BBB Alert: Progressive Business Publications Continues To Receive Complaints Nationwide
October 30, 2013
Progressive Business Publications, a Malvern, Pa., company that has spawned more than 2,400 complaints with BBB.
BBB also is warning businesses to be extremely cautious when dealing with representatives of International Credit Recovery of Vestal, N.Y., a firm that collects past-due bills for Progressive. Consumers have filed more than 900 BBB complaints against International Credit Recovery.
Consumers have said Progressive and International each have demanded payment for publications and newsletter subscriptions that were never ordered and, in many cases, never received.
Some complainants said Progressive offered them what were marketed as free publications, only to bill them later when the businesses did not cancel the mailings.
Both businesses have “F” ratings with BBB, the lowest possible.
In July 2012, BBB issued a warning about Progressive and International, citing large numbers of similar complaints against the firms, including more than 80 complaints from businesses in Missouri and Illinois.
“BBB continues to receive phone inquiries and complaints about these businesses,” said Michelle Corey, BBB president and CEO. “Based on what we are hearing, it seems clear that Progressive and International have done little to address serious and ongoing issues with the way they transact business.”
An accountant with a Maryland Heights, Mo., firm called Progressive’s business tactics “sleazy . . . very tricky . . . horrible.”
A business from Lebanon, N.H., wrote in a complaint with Progressive that “This organization is constantly hounding several employees with calls and invoices for publications we DID NOT ORDER!”
A business from Westbrook, Maine, called the collection methods of International Credit Recovery “shameful . . . and cruel.”
Philadelphia businessman and philanthropist Edward M. Satell, is founder and president of American Future Systems, parent company of Progressive Business Solutions. Progressive’s website describes Satell as the founder and CEO of that company.
The most recent Division of Corporations filing for the New York Department of State lists Richard A. Diorio as chief executive, but the file says the firm’s registration was dissolved in 2004.
The Maryland Heights accountant said her office began receiving phone calls earlier this year from International, demanding a $250 payment for newsletters that International claimed had been sent by Progressive. “We never received one thing,” the accountant said.
An official with a Clayton, Mo., nonprofit said her office was contacted by International, demanding $240 payment for what International said was an overdue bill for a newsletter from Progressive. The nonprofit official said her four-person office never received the newsletter. “It certainly seems shady,” the woman said.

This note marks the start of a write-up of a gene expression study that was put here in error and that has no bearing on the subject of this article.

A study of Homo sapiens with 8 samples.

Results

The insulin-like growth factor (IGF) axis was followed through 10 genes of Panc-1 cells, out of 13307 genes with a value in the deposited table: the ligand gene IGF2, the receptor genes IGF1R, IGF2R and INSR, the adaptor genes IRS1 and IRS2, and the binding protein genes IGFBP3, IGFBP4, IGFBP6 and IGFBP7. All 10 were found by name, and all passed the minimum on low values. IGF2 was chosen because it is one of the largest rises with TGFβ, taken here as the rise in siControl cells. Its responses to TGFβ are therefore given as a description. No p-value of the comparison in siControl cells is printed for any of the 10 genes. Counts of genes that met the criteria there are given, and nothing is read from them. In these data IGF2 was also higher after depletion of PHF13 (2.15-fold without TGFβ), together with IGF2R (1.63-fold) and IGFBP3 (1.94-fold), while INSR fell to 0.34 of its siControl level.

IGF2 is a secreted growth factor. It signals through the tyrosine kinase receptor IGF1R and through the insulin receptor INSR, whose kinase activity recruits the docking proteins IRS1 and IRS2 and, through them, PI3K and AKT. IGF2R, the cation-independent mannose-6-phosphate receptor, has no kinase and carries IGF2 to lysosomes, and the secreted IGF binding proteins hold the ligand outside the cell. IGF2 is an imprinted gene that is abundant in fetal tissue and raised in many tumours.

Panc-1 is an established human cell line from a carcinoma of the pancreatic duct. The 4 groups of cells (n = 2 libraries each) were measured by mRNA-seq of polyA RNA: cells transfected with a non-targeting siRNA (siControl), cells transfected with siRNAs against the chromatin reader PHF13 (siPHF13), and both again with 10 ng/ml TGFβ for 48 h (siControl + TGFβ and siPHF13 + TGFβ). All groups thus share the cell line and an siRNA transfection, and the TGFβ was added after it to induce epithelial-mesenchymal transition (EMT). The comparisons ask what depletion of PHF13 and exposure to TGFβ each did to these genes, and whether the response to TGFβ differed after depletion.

The office manager of a Jonesburg, Mo., business said her office has had issues with Progressive dating back almost a decade. On several occasions, she said, Progressive has billed the firm for publications that were never ordered. She said that most recently, a Progressive representative told the office manager that she had confirmed her order by giving her birth date. The office manager said the birth date relayed by the Progressive representative was not correct. On another occasion, she said, Progressive claimed that it had received an order from a company employee who had been dead for several years.
Mike Gorton, an official with Progressive, said the company’s complaint level “continues to be far less than one-half of 1 percent of our several hundred thousand annual transactions. This miniscule percentage is a result of our strict training and quality control practices,” he said. He said the number of complaints is declining.
He also said that Progressive’s high renewal rates and low complaint level shows that “our reputation with our customers is very strong as evidenced by our high renewal rates and de minimis complaint level.”
He also said that the company investigates and responds to all complaints.
International said it would respond to BBB questions, but has not done so. A company official did say that even though Progressive is its largest client, it also does business with other companies.
In the large majority of cases, Progressive and International have stopped pursuing bill collections against businesses after the businesses file BBB complaints.
BBB offers the following advice to consumers and businesses receiving phone solicitations:
- Find out who is calling. If you have any question about who is phoning you, hang up and call back after researching the company’s number.
- Be wary of giving any personal or business information to strangers. Such information may be used later as evidence that you agreed to a purchase.
- Be cautious about accepting free or trial offers. Some businesses may distribute their product at no cost for a short time, but then charge you unless you follow very specific cancellation instructions.
- If you feel you have been charged for a product you have not ordered, call the company immediately to make your case. If that does not work, contact BBB, the attorney general in your state and/or the Federal Trade Commission.
- If you believe you have been the victim of unethical debt collection practices, report the information to BBB and the Federal Trade Commission. Under the Fair Debt Collection Practices Act, debt collectors are required to meet specific standards when attempting to collect debts from consumers.
- Check BBB Business Reviews by calling 260-423-4433 or at www.bbb.org.